Mobile Phone Sales Decline 2.3% in Q2. Are Apple and Samsung Doomed?
It seems like consumers are holding out for new models.
Gartner (IT) has released a new report (via CNET) announcing that worldwide mobile phone sales declined 2.3% in the second quarter of the year, presenting a new challenge to device manufacturers as they prepare for the fall shopping season.
Despite the decline, the tech industry still sold 419 million units during the period. According to Gartner, smartphone sales grew 42.7% and accounted for 36.7% of total mobile phone sales. This could prove to be a positive development for Apple (AAPL), which is expected to release its next-gen smartphone (presumably titled iPhone 5) in September. Samsung may also unveil a new smartphone next month, though it is unknown if the Galaxy Note II or some other unnamed device will be released.
Gartner blames the decline on user anticipation for these new smartphones. With so much promise behind every product Apple plans to release, consumers lose interest in last year's models -- including the iPhone 4S or the original Galaxy Note. Why spend $200 on a new smartphone today if a newer and more exciting iteration is going on sale tomorrow?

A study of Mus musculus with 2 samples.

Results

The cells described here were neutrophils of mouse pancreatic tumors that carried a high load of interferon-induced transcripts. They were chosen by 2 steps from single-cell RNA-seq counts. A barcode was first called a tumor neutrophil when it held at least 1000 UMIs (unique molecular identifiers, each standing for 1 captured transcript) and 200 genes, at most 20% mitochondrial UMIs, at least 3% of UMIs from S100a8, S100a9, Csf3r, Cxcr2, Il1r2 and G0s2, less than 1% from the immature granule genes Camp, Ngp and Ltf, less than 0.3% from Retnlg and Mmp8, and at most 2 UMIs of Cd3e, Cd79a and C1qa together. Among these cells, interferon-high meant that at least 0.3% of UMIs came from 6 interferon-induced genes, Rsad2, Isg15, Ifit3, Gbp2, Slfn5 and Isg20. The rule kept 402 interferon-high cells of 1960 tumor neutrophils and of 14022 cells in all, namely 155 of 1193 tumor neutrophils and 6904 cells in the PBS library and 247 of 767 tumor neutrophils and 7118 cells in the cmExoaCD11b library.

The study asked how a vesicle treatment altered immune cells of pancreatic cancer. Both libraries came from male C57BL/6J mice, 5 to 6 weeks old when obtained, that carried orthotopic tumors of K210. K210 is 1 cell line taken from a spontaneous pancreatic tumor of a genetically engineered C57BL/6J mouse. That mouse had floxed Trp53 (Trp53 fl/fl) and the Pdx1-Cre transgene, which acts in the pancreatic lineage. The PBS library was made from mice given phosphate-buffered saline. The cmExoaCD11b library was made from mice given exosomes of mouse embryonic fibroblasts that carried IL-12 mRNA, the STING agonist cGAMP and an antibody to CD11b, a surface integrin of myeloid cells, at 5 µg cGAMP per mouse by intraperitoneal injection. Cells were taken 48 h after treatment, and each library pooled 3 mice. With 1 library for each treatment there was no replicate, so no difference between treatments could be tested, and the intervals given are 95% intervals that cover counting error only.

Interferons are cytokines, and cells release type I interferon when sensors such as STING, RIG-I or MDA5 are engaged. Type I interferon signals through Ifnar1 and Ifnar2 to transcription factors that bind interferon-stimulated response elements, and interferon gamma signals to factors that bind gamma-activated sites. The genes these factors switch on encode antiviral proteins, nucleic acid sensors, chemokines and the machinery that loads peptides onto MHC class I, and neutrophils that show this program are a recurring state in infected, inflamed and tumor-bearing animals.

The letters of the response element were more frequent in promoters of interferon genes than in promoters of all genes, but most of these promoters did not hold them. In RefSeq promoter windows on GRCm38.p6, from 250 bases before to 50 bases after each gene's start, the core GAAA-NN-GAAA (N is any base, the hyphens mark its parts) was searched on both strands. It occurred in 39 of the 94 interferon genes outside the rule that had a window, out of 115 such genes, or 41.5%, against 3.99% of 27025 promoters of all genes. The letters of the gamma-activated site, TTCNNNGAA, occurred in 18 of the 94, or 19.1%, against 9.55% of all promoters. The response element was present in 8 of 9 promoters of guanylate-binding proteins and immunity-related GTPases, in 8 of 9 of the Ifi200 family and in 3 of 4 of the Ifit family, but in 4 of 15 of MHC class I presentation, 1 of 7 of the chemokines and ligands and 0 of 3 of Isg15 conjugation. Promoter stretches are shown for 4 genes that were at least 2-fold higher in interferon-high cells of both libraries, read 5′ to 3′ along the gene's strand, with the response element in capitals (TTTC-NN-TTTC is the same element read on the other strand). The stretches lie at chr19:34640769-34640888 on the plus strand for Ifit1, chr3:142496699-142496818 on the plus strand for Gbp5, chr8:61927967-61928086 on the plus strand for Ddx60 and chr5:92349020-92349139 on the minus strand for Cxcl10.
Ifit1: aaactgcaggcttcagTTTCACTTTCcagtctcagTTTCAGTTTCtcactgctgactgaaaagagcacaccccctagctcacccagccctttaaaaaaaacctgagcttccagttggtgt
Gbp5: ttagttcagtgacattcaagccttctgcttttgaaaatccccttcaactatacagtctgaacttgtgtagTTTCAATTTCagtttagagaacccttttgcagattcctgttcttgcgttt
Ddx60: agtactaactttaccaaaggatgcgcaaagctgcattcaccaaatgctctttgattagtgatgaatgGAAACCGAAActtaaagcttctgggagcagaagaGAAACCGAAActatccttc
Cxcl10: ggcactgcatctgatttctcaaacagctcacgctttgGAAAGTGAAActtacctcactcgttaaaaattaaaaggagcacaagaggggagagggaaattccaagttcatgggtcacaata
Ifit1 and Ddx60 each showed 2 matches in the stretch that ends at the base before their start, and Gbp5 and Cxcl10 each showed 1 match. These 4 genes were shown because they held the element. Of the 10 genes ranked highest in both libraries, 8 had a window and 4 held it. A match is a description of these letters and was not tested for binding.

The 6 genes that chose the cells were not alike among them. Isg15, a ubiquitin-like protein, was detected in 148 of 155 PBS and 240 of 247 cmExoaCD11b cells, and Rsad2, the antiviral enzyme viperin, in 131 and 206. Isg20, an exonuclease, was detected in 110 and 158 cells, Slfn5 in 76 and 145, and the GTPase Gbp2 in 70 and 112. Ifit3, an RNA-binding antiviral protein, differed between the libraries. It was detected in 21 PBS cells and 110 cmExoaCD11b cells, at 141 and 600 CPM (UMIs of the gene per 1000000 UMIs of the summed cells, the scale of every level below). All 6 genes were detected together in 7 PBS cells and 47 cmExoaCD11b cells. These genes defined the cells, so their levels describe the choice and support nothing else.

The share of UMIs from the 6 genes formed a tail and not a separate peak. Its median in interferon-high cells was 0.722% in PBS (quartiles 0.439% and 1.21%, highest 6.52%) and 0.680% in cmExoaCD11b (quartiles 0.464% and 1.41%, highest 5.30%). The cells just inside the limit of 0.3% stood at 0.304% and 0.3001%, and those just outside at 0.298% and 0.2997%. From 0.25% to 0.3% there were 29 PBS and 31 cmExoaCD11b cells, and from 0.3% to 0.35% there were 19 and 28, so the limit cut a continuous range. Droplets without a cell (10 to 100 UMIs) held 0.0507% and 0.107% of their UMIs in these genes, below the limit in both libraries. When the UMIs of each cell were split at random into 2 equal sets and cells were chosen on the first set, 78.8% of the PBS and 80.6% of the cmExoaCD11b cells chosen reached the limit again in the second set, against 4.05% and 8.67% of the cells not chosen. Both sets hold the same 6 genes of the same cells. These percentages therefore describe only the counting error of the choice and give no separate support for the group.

This very logic helps and hurts the smartphone industry. Without it, consumers might be more interested in buying the devices that are already on store shelves. However, they also would be less likely to spend months anticipating the next best thing. Apple capitalizes upon this anticipation, using it to ensure that long lines are produced whenever the company releases a new product.
Samsung (SSNLF) has been using a similar technique to build its smartphone business, which recently topped sales
The same cannot be said for Nokia (NOK), which has all but lost the support of the nation's biggest cellular carrier, AT&T (T). Nokia recently announced that it will sell off a number of assets, which could be another sign of the company's financial struggle. According to Gartner, Nokia's mobile phone
Editor's Note: This content was originally published on Benzinga.com by Louis Bedigian.